On Election Day, voters in Alabama, Louisiana, Oregon, Tennessee, and Vermont will decide whether to close loopholes in their state constitutions allowing the forced labor of incarcerated people.
Pamela Price is running a progressive campaign to change the Alameda County District Attorney’s Office in California. She’s winning. But her opponent, longtime prosecutor Terry Wiley, is trying to paint her as the next Chesa Boudin to score votes.
Progressive policies face a committee structure that distorts democracy and favors corporate-backed centrists.
Incumbents Jimmy Flannigan and Alison Alter have been targeted by conservative challengers because of the council’s votes to cut police funding and repeal a ban on public camping.
Lieutenant Governor John Fetterman has jumpstarted the state’s pardons process, while Attorney General Josh Shapiro’s self-styled progressivism isn’t winning over advocates.
None of the Austin City Council members who voted to cut police funding lost their elections, but a police union vice president who fearmongered about the defund movement did.
In North Carolina, Attorney General Josh Stein’s Republican opponent painted him as soft on crime. Voters re-elected him anyway.
A Democratic president who politely listens to progressive rhetoric while failing to act on it is one who just watches the planet burn a little more slowly.
Voters decided to keep Adel in charge of the third-largest prosecuting agency in the country. She is recovering from emergency surgery for bleeding in her brain.
Fife has pledged to reinvest in the local community, aggressively combat the housing crisis, address income inequality, education, healthcare and more.
Party leaders have blamed progressive left policies for disappointing electoral results. A close examination of winners and losers suggests otherwise.
Candidates promising to remake Southern California’s legal system, won major races for DA, county supervisor, and City Council, among others while overcoming significant spending by pro-law enforcement groups.
Los Angeles County, with the country’s largest jail system and largest local prosecutor office, is considered a crown jewel in a nationwide push for criminal justice reform.
The LA County supervisors are poised to tackle a wide range of criminal justice reforms, including moving children and people struggling with mental health issues out of the criminal legal system, and redirecting millions of dollars away from law enforcement and back into communities.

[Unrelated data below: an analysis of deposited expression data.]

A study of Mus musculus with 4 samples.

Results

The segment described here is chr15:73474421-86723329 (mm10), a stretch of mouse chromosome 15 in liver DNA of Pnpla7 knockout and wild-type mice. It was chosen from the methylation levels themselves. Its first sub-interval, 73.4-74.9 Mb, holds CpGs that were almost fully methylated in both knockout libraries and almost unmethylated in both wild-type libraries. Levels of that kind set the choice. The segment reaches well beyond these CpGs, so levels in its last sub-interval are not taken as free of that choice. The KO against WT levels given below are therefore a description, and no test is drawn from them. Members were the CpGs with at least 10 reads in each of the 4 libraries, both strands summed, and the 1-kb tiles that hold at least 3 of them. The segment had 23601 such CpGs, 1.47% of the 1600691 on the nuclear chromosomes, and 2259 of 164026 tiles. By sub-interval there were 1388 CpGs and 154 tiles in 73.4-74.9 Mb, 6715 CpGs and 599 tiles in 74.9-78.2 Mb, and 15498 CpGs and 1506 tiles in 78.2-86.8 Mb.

Current law mandated that the city have at least 1,971 full-time police officers.
Jones has vowed to support expansion of the Supreme Court, back the Green New Deal, and push for criminal justice reform.
The chef and restaurant owner says she plans to support the fight for a $15 minimum wage and other reforms that will make ‘Wisconsin work better for more people.’
“I have always had a focus on public service, always a desire to make sure that I’m using my skills and talents to help people and to make the community around me a little bit better,” she said.
Hollins’s ‘very personal’ decision to run was sparked in part by the Trump administration ‘catching everything on fire.’ Now she wants to advocate for subsidized child care, police reform, and more.
Houston area voters re-elected Gonzalez after he supported bail reform, cleaned up the county jail, and provided aid to incarcerated people living with opioid use disorder.
The ballot initiative would have bloated prisons and jails in the state and undone important criminal legal reforms, advocates say.
Simmons, an attorney, is fighting to give people “a first chance so they won’t need a second chance later on in life.”
Minnesotans, Fateh said, “should be able to access the folks that are representing us and make sure that they’re partnering with the community.”
Leger Fernandez wants to pass universal healthcare and improve infrastructure in tribal and rural communities.
“This economy doesn’t work for everyone; it works for very, very few people,” Newman said.
Bowman has also advocated for an eviction moratorium and for rental payments to be cancelled for the duration of the pandemic.
Bush’s victory in Missouri’s First Congressional District makes her the first Black woman elected to represent Missouri in Congress.
First-time state Senate candidate Jackie Fielder’s housing plans are geared toward government investment, while incumbent Scott Wiener’s plans have relied on the construction of market rate housing with some affordable units.
If Democrats win control of the Senate, allowing this archaic tradition to survive will make everything of significance the party hopes to accomplish virtually impossible.
Sanchez is running for one of the state House seats that Democrats are hoping to flip.
If he wins his bid to represent the state’s Sixth District, Hoadley says he would reallocate police funding, improve health care, and invest in rural communities.
The Second District candidate, who has been endorsed by more than 50 Black leaders in Omaha, also wants to make investments in Black and Latinx neighborhoods.
She is running for a historically Republican-controlled seat, and if she wins, it could help turn the state House blue.
If she’s successful in her bid to represent Texas’s 24th Congressional District, Valenzuela will flip the district to blue and become the first Black and Latinx member of Congress.